Lutembacher Syndrome Workup

Updated: Dec 15, 2020
  • Author: Kamran Riaz, MD; Chief Editor: Yasmine S Ali, MD, MSCI, FACC, FACP  more...

Imaging Studies

Chest radiography

Chest radiographs of patients with Lutembacher syndrome may include the following findings:

  • Pulmonary plethora due to left-to-right shunt

  • Mild left atrial enlargement

  • Right ventricular enlargement

  • Pulmonary artery enlargement

  • Mitral valve calcification late in life

  • Pulmonary vascular congestion and marked left atrial enlargement in cases of severe mitral stenosis and small ASD

Echocardiography

Transthoracic (TTE) or transesophageal echocardiography (TEE) findings during various stages of the disease may show features outlined below. [3]

Two-dimensional echocardiography

  • Large left atrium

  • Large right atrium and ventricle

  • Enlarged pulmonary artery

  • Atrial septal defect (ASD)

  • Stenotic mitral valve

See the following images.

Lutembacher Syndrome. This is a two-dimensional tr Lutembacher Syndrome. This is a two-dimensional transesophageal echocardiogram during diastole in a 74-year-old woman who presented with signs of right-sided heart failure. Note the thickened, narrowed, and calcified mitral valve apparatus and doming of the anterior leaflet of the mitral valve.

Color flow and Doppler imaging

This imaging modality confirms the presence and evaluates the severity of ASD, mitral stenosis and mitral regurgitation, tricuspid regurgitation, and pulmonary pressure (see the images below). [5]

Lutembacher Syndrome. This color-flow imaging of a Lutembacher Syndrome. This color-flow imaging of a 74-year-old woman who presented with signs of right-sided heart failure on transthoracic echocardiogram (TTE) demonstrates an anteriorly directed jet of moderate mitral regurgitation.
Lutembacher Syndrome. This color-flow imaging (sub Lutembacher Syndrome. This color-flow imaging (subcostal view) on transthoracic echocardiogram shows the left-to-right shunt across the atrial septum of a 74-year-old woman who presented with signs of right-sided heart failure.
Lutembacher Syndrome. This is a color-flow image d Lutembacher Syndrome. This is a color-flow image during transesophageal echocardiography at the mitral valve level of a 74-year-old woman who presented with signs of right-sided heart failure. Note the anteriorly directed jet of moderate-to-severe mitral regurgitation during systole.
Lutembacher Syndrome. This color-flow imaging duri Lutembacher Syndrome. This color-flow imaging during transesophageal echocardiography shows blood flow across the atrial septum in a 74-year-old woman who presented with signs of right-sided heart failure.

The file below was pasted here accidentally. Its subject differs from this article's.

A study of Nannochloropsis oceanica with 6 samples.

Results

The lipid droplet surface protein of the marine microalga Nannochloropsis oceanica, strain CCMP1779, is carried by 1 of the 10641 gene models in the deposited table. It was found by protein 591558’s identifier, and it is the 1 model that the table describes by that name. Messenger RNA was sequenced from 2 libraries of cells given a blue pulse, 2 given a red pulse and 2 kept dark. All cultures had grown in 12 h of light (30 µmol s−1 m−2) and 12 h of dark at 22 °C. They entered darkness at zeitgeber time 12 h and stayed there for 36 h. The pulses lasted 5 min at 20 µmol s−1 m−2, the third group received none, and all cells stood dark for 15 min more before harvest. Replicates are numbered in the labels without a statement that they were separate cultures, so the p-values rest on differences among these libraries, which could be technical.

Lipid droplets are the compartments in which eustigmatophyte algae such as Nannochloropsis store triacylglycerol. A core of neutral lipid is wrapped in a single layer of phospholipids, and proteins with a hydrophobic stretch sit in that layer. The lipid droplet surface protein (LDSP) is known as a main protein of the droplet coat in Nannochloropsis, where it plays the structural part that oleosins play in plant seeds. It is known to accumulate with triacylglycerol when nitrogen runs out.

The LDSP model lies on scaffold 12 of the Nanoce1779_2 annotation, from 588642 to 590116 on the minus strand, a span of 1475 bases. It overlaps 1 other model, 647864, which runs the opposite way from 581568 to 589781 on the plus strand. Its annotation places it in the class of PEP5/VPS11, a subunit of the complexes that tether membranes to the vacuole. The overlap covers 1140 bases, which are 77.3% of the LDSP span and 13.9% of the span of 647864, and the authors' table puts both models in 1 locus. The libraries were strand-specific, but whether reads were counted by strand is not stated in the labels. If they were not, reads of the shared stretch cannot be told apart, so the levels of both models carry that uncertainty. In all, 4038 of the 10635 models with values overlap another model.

Lutembacher Syndrome. These are Doppler measuremen Lutembacher Syndrome. These are Doppler measurements at the mitral inflow level of a 74-year-old woman who presented with signs of right-sided heart failure. Note the reduced E-A slope and a peak transmitral velocity giving rise to a peak transmitral gradient of 21 mmHg.
Lutembacher Syndrome. Doppler measurement across t Lutembacher Syndrome. Doppler measurement across the atrial septum reveals a peak velocity of 4 m/s of a 74-year-old woman who presented with signs of right-sided heart failure.

Doppler pressure half-time method

This technique usually overestimates the mitral valve area. Because of the presence of ASD, the transmitral pressure gradient is generally lower than expected for the degree of the mitral stenosis, thereby falsely underestimating the pressure half-time and overestimating the mitral valve area. On the other hand, planimetry and the Doppler continuity equation method should give an accurate assessment of the mitral valve area in Lutembacher syndrome. [6]

Transesophageal echocardiography

TEE be required to differentiate between the patent foramen ovale from the ASD and to fully delineate the anatomy.


Other tests in the workup of mitral stenosis may include those outlined below.

Electrocardiography

Rhythm

  • Sinus rhythm

  • Atrial fibrillation

P wave morphology

  • Tall, broad, or bifid in lead II with a deep negative force in V1 suggesting biatrial enlargement

  • Isolated left atrial abnormality more indicative of a more severe mitral stenosis with small atrial septal defect (ASD)

QRS morphology and axis

  • Right-axis deviation

  • Complete or incomplete right bundle-branch block or right ventricular hypertrophy


Cardiac catherization

Cardiac catheterization is not performed routinely to confirm the diagnosis of Lutembacher syndrome. It can be used, however, to evaluate the severity of the atrial septal defect, detect reversible pulmonary hypertension, measure the mitral valve area by the Gorlin formula, and evaluate the presence of coronary artery disease in high-risk patients.